Simon vs. the Homo Sapiens Agenda by Becky Albertalli (2015), narrated by Michael Crouch
Everyone who told me that this book is great was right. As with many really good books, it's hard to articulate why it's so good. It's much easier to rip apart a bad book.
I think a lot of what I liked is how recognizable it all was. High school is so dramatic, and this is captured very well. Simon is kind of a terrible friend in a pretty typical way, in that he is so wrapped up in his own life and problems that he doesn't even think to ask people around him about what's going on with them. There are some pretty basic things he doesn't know about his close friends. The blackmail situation is, of course, quite distracting and Simon becomes involved in a lot of complicated situations of friendship, romance, and betrayal.
Although Simon had a good relationship with his parents, he was also kind of aggravated by them. Specifically, they just made a big deal out of everything. Every time he did something different, they drew way too much attention to it. "I didn't know that you drink coffee now!" like it was something really extraordinary. Teenagers are changing all the time, and the last thing they want is for it to be announced and discussed at length. This really resonated with me because my family was the same way. Even in my 20s, my mother would take note of things and then not ever forget them. Like, when I got a tattoo of a frog she was all "I didn't know you liked FROGS!" and then for years proceeded to buy me frog-themed everything until I told her to stop.
Anyhow, being genuine and realistic wouldn't be enough without the fun and romance. Simon was a theater kid at school and was in the high school's production of Oliver. He hung out with other theater kids, and was convinced (hoped!) that Blue was this cute boy named Cal Price who was also involved with Oliver. Speaking of Blue, their romance was really sweet and adorable, even though it was primarily over email. That of course also made it risky because every time they even imagined meeting, there was a lot of angst, but I loved their conversations and the way they understood each other and talked honestly to one another in a way they didn't with their closest friends. Plus, they were so nerdy together. During a discussion of Simon's use of sentence fragments, Blue admits that he loves them, and then Simon gets mock-jealous about other boys that Blue finds cute and says "You better not love THEIR sentence fragments." What is more adorable than grammar-based romance?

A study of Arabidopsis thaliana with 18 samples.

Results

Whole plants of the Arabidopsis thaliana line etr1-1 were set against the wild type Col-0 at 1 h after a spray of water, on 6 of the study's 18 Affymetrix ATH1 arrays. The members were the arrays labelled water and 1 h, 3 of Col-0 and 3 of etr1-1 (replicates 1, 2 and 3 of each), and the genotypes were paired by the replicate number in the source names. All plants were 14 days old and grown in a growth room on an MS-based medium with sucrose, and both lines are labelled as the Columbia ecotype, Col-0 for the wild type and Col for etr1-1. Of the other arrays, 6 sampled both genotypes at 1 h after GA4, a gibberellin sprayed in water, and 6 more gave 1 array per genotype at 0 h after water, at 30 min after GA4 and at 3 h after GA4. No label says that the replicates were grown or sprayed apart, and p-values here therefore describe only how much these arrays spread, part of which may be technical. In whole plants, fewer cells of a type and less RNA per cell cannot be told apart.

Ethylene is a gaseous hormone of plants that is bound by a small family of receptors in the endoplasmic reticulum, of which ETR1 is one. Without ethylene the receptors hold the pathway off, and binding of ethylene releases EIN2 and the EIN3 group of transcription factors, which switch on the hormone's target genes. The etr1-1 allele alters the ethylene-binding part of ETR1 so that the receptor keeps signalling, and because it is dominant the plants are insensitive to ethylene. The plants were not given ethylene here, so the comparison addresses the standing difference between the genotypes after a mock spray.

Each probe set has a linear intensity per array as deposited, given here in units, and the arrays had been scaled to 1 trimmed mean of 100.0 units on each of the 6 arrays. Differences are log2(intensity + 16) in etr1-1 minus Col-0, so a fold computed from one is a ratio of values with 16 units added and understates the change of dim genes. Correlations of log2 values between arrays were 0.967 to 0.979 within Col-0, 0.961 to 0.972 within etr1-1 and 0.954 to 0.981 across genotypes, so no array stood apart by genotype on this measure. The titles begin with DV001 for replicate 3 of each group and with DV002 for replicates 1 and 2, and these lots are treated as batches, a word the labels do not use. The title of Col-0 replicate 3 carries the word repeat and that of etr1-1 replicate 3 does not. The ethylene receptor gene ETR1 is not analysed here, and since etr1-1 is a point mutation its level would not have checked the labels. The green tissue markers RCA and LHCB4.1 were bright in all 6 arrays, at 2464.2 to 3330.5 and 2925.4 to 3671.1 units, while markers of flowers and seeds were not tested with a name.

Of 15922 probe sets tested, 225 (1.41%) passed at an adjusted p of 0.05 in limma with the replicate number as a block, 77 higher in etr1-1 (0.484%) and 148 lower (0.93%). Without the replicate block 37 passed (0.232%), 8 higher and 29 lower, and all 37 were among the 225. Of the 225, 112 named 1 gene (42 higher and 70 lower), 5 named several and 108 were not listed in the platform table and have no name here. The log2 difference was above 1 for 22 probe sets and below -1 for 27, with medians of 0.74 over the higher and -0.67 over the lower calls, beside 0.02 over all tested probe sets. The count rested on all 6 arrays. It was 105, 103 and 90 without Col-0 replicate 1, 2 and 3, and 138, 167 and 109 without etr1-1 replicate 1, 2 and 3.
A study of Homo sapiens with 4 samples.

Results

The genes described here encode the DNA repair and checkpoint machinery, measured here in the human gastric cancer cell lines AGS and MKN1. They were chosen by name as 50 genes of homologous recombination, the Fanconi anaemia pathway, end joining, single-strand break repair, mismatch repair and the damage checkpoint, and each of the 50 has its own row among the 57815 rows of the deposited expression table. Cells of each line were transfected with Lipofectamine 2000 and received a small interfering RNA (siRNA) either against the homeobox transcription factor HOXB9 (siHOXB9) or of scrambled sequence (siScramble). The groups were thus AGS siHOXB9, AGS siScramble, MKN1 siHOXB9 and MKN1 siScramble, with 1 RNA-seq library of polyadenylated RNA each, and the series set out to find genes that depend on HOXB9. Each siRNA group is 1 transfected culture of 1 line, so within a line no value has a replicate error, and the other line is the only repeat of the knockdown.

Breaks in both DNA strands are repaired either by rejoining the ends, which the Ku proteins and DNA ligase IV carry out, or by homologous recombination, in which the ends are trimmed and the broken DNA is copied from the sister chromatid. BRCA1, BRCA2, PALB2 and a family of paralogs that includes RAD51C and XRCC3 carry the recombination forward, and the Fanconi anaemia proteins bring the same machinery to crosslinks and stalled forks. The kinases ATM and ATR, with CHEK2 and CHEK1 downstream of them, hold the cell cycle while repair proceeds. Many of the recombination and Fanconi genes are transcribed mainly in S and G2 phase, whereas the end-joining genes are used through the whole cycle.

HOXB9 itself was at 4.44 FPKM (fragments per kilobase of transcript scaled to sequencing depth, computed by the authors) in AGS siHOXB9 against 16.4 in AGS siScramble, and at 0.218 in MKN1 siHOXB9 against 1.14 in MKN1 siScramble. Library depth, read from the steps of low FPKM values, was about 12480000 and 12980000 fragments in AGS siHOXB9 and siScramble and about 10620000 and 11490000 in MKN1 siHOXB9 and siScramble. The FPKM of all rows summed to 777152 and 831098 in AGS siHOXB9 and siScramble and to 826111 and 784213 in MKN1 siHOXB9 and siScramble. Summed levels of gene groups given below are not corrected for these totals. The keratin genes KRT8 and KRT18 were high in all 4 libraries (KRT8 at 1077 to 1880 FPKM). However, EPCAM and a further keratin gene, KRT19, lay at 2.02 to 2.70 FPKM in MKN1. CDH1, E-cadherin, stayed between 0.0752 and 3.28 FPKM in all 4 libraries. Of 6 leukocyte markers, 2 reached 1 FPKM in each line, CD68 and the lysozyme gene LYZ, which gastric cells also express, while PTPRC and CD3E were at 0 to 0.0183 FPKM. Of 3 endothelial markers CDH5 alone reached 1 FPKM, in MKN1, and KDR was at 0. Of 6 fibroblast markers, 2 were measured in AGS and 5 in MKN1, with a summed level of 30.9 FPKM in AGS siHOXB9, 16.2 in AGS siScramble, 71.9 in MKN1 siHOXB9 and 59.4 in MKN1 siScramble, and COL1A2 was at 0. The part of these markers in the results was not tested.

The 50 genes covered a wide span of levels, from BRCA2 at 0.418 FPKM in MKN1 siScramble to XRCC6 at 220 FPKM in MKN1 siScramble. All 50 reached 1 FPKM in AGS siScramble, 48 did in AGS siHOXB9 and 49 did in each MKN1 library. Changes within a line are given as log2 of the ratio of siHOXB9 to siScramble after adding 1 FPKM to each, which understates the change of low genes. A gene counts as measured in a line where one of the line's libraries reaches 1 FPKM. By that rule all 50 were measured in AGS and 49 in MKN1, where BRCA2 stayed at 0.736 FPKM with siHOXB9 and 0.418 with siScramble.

I really enjoyed Simon's voice and his observations and pretty much everything about him. He loves Oreos and has a dog named Bieber and has complicated feelings about cross-dressing, but feels compelled to always dress up for Spirit Week at school. He's been friends with Nick and Leah since they were little kids, but since Abby has joined their group and Nick obviously has a crush on her (as does every other straight guy at school) things have gotten a little tense. Simon knows that Leah really likes Nick and is jealous of Abby, but he doesn't know what to do about it. I really just wanted to help this kid out.
Making Simon's voice even better is narrator Michael Crouch. He was the perfect voice for Simon Spier and really made the story come alive even more. This was a great audio choice!
I'm so glad I finally got around to listening to this book. Anyone who likes young adult books should definitely check it out!
It also fulfills a square for Winter Bingo since it was a 2015 release that I missed.